Jefferson Marketing, Inc.


In its day, JMI was "viewed by many as one of the most ingenious political inventions in recent memory. It [was] in effect, a corporate organization geared to providing conservative candidates and causes the computerized technology of the 1980s." [2]

JMI was housed "in a nondescript, three-story building in a North Raleigh office complex." Following its co-prosecution by the Federal Election Commission with the National Congressional Club in 1986, JMI "absorbed much of the staff and past Helms campaigns under the protective cover of a private corporation, ... [taking] over such key activities as direct mail, [staffing] phone banks, automated telemarketing and the production and placement of commercials." [3]

"Linking all these and a host of other groups ... [was] a system of interlocking directorates in which Ellis and Wrenn are consistently the central players." Ellis was "chairman of the national Congressional Club; principal stock-holder and a board member of the tax-exempt, non-profit Educational Support Foundation that in turn [owned] Jefferson Marketing and appointed the officers and directors of Jefferson Marketing; a 'founder' of Fairness in Media, and chairman of the Coalition for Freedom, a tax-exempt foundation whose goal [was] to finance conservative-oriented television programs. Wrenn [held] identical positions, except that he [was] executive director and treasurer of the National Congressional Club and treasurer of the Coalition for Freedom." [4]

The FEC suit the alleged that "Wrenn, Ellis and other NCC officials [exercised control of] Jefferson Marketing, and that Wrenn ... exercised 'domination and control over the day-to-day operations of Jefferson Marketing. Thus... Jefferson Marketing and the Congressional Club are a single entity.' A legal ruling to that effect [meant] both Jefferson Marketing and the NCC have violated federal election laws." [5]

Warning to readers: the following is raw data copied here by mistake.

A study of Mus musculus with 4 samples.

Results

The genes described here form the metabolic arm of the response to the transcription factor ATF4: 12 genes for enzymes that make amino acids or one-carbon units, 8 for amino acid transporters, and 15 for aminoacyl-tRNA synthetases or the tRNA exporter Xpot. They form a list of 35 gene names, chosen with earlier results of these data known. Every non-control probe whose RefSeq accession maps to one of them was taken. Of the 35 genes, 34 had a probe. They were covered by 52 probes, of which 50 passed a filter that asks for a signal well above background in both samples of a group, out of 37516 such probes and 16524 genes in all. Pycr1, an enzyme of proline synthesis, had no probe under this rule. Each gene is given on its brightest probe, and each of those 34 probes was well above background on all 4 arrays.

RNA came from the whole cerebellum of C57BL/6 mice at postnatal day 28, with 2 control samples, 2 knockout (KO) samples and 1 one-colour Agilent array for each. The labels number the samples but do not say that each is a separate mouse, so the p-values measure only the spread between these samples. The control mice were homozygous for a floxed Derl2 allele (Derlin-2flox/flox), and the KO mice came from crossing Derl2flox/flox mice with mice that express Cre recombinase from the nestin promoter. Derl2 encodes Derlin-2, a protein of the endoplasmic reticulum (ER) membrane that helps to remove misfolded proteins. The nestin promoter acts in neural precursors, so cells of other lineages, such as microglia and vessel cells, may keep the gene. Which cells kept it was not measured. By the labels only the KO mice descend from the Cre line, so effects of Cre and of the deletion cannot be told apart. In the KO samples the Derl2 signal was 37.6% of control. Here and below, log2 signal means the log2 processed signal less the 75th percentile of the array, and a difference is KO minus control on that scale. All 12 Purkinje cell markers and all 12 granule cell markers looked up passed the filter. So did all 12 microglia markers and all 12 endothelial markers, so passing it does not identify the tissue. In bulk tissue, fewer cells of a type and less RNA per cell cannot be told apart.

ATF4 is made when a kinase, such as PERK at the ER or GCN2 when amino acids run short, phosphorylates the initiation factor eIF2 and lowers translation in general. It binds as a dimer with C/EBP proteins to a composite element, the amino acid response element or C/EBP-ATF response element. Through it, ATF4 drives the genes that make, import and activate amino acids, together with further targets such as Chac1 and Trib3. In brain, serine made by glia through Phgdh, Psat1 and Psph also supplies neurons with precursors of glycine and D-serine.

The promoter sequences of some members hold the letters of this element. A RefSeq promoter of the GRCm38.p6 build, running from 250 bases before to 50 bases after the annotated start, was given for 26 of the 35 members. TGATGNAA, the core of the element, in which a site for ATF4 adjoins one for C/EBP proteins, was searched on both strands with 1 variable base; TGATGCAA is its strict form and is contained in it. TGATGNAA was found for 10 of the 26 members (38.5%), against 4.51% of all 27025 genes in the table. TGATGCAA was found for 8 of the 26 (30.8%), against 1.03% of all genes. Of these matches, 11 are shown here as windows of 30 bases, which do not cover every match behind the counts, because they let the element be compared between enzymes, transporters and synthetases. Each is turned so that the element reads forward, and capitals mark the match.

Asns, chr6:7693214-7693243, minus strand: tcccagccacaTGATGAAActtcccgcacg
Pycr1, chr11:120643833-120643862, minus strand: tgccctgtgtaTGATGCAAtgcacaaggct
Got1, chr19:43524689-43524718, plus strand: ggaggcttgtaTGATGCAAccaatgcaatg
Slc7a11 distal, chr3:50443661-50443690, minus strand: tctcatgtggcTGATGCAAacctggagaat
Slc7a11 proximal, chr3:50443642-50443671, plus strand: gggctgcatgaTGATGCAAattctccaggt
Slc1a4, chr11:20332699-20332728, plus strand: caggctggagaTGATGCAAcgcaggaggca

In 1978 while workinn as a lawyer at Covington & Burling John R. Bolton helped Sen. Helms' National Congressional Club form Jefferson Marketing. Legal Times reported in 1989 that Jefferson Marketing was created "as a vehicle to supply candidates with such services as advertising and direct mail without having to worry about the federal laws preventing PACs, like the Congressional Club, from contributing more than $5,000 per election to any one candidate's campaign committee".

He later defended the club against charges from the FEC that led to a $10,000 fine in 1986. In February 1990 Charles Babington wrote in Legal Times that several Democratic lawyers noted that Senator Helms "has helped the career of John Bolton, a former Covington partner who handled most of the Congressional Club work when he was at the firm ... Helms, the ranking Republican on the Senate Foreign Relations Committee, supported him for both jobs."

External links

  • James Lyons, "Congressional Club, Once Mighty, in Deep Debt," Legal Times, November 23, 1987;
  • Gregory Gordon, "Government suit charges Rep. Rose with disclosure violations", United Press International, May 19, 1989.
  • Charles Babington, "Helms PAC's Debt to Covington Lingers", Legal Times, February 19, 1990.